Pulitzer Prize-winning author and historian Jon Meacham sat down with Yahoo Global News Anchor Katie Couric on “Yahoo News Live” to discuss “Destiny and Power,” his revealing new book on the political odyssey of President George Herbert Walker Bush. He weighed in on the political firestorm the book has created, the impact it has on Jeb Bush’s presidential campaign and what George H.W. Bush, or “Bush 41,” as the Bush family calls him, thinks about it all.
The comments from Bush 41 that have made the most headlines are those about former Vice President Dick Cheney and former Secretary of Defense Donald Rumsfeld.
On Cheney, Meacham told Couric said, “[President Bush] admired Dick Cheney … but he believed after September 11 that Cheney became harder-lined, more hawkish and did not believe that that fed the impression he wishes his son had.”
On Rumsfeld, Meacham said, “I think he disagreed with Rumsfeld’s apparent inability to revisit tactical and strategic initiatives in Iraq.”
On what Bush 41 thinks about the fallout from the comments, Meacham said, “I think he is following it very closely. He knew everything that was here. … He had no right of approval and did not read the book, but the comments that I knew would be controversial I took back to him. … He looked at me dead in the eye and said, ‘That’s what I said.’”
On the impact the fallout might have on Jeb’s campaign for president, Meacham told Couric, “This is the difference between politics and history. I can see the argument about the political impact on Jeb, but if you look at it, all this is a public service.”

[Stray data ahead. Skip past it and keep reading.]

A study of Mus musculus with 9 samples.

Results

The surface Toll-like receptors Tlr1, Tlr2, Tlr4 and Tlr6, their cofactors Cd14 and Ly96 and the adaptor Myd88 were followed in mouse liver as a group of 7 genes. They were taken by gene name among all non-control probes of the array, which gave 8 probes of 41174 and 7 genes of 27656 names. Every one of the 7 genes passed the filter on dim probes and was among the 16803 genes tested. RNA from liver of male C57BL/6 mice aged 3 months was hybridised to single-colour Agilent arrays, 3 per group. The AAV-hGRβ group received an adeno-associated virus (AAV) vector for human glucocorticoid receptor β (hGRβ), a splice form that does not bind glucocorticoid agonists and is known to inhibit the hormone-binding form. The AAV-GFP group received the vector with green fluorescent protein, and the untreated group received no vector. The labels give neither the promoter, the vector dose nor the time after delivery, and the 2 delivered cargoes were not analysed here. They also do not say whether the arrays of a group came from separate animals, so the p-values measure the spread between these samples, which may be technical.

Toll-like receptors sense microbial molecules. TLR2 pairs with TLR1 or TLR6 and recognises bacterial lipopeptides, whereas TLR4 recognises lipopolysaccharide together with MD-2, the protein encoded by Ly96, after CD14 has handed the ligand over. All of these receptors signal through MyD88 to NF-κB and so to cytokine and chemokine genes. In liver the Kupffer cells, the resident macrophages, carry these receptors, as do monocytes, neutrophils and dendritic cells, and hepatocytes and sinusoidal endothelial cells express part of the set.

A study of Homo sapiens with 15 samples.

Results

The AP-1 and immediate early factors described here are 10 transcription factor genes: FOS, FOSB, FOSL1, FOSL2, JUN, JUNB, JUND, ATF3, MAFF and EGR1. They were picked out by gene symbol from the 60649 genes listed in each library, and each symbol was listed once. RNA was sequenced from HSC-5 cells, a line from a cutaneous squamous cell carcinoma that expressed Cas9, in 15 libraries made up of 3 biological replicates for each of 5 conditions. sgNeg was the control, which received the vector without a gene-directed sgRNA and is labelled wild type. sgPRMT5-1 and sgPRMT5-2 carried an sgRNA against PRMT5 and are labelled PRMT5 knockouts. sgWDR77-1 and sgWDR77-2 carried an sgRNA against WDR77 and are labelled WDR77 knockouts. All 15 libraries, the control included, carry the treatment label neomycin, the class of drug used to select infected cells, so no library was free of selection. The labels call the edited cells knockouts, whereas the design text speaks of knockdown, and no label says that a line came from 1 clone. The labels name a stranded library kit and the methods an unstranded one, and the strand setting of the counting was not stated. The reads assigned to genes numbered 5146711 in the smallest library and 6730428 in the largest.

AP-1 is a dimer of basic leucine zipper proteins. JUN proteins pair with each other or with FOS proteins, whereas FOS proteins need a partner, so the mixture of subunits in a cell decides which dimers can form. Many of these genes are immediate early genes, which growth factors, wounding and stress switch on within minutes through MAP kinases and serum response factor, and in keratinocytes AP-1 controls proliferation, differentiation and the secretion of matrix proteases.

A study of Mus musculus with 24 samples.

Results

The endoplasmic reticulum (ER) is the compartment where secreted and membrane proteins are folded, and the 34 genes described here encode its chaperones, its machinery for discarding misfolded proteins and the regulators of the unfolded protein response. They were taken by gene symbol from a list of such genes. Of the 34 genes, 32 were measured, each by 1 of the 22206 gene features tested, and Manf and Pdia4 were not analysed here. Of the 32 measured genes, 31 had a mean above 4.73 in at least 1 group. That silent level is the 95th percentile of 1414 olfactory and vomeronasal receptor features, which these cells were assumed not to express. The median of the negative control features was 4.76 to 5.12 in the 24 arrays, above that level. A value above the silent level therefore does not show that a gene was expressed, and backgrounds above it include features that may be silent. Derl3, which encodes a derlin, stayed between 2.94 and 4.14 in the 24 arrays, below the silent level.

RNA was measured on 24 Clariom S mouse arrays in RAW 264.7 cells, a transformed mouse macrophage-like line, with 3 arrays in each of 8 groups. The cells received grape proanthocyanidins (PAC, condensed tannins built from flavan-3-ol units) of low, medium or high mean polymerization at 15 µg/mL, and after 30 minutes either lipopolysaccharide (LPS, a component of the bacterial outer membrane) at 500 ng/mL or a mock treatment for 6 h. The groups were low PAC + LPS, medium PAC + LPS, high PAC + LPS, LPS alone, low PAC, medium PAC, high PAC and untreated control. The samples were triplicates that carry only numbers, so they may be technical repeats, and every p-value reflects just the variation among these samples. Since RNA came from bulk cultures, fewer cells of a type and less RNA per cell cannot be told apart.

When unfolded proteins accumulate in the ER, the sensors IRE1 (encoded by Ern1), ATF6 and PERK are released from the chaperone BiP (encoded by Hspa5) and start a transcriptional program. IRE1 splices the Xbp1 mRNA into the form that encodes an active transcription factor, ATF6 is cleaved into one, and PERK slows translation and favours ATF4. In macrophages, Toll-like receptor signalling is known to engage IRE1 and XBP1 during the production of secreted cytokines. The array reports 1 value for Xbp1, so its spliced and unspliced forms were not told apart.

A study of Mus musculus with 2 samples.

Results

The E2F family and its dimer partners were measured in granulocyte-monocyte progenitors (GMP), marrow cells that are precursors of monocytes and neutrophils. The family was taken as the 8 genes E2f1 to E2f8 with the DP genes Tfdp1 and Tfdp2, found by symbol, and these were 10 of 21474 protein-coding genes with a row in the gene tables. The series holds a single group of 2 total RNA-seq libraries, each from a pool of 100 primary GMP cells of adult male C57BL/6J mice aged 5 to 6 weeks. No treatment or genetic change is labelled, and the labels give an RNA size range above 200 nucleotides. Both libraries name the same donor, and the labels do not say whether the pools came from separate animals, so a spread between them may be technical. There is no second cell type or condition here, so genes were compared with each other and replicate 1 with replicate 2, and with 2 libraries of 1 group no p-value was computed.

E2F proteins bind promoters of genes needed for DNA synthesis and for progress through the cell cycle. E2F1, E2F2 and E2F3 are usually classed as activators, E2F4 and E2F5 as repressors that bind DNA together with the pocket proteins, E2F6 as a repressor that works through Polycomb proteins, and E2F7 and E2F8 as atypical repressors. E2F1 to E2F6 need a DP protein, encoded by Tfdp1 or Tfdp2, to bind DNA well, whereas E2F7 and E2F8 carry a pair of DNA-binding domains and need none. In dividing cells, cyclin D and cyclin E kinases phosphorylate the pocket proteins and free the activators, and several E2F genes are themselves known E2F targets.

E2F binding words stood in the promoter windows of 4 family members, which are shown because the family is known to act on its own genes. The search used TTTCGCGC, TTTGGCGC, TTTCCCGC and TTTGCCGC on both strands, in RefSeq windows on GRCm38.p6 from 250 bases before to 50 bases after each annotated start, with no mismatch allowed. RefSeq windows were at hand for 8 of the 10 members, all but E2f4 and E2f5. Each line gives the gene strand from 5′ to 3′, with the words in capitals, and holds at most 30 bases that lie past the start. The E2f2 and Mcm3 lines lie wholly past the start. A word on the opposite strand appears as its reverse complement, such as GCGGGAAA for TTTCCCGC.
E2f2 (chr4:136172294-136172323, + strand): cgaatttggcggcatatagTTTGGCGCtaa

On the Bush family dynasty and what it might mean for the future of Jeb’s campaign, Meacham said: “No Bush became president without going negative in a really strong way. … We use the dynasty word, but they were not simply crowned one after another. You have to fight for it. In that sense, the next few months will be the decisive hour.”
On the current GOP candidates, Meacham said, “I have written a book about the un-Trump. It is almost impossible to imagine that in the last 26 years or so, you’ve gone from a Republican nominee who was a naval aviator, a member of Congress, the chairman of the Republican National Committee, the U.N. ambassador, the ambassador to China, the director of the CIA, the vice president of the United States for eight years. That was the Republican nominee in 1988; in 2016 we are looking at a real estate developer and neurosurgeon and people who have not spent their lives training for this job.”
Finally, on what George Bush, the elder, wants his legacy to be, Meacham told Couric: “That he put the country first.”